Star Clouds North of the LMC
AAO image reference UKS 16.    « Previous || Next »

North of the Large Magellanic Cloud
Top left is NE. Image width is about 24 arc min
Image and text © 1984-2010, Australian Astronomical Observatory
Photograph from UK Schmidt plates by David Malin.

This picture shows a scattered collection of nebulosities and star clusters stretching across the northern outskirts of our nearest extragalactic neighbour, the Large Magellanic Cloud. Within each red cloud of fluorescent hydrogen is a cluster of hot stars and in some cases these stars have begun to blow the surrounding gas away, occasionally producing vast bubbles and shells of nebulosity. When this process is almost complete, as it is in the upper part of the picture, large numbers of distinctly blue, very bright stars remain, some in the form of the very compact clusters which are typical of star formation in the LMC but unusual in the Milky Way.

The Large Magellanic Cloud (LMC), is the closest galaxy to the Milky Way, about 170,000 light years distant in the southern constellation of Dorado. Almost all the miriads of stars and star clusters seen here are part of the LMC. An exception is theta Dor, the bright yellow K2 star at the right of the image. It is about 500 light years distant.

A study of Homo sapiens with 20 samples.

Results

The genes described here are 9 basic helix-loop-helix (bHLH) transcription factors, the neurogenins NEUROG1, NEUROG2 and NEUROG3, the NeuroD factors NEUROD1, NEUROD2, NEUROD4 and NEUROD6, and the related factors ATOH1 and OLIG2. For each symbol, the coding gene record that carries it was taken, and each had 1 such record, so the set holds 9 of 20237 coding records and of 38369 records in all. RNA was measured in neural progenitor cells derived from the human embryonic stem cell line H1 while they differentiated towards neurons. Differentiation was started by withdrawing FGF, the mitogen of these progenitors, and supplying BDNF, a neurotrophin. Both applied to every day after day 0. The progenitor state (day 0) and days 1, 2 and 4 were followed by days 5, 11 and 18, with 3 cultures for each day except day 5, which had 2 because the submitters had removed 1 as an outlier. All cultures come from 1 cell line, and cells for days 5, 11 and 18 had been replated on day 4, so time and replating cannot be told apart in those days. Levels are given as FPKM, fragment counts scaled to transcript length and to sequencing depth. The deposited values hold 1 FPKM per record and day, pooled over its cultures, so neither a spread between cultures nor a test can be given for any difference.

Related images
AAT 33.     The Henize 70 Nebula in the LMC
AAT 33a.   The Henize 70 Nebula in the LMC (wide field AAT view)
UKS 14.    The Large Magellanic Cloud
UKS 14a.  The eastern end of the Large Magellanic Cloud
UKS 27.    The Henize 44 nebula in the LMC
UKS 28.    The Henize 55 nebula in the LMC
Constellation of Dorado (external site)

For details of object position and photographic exposure, search technical table by UKS reference number.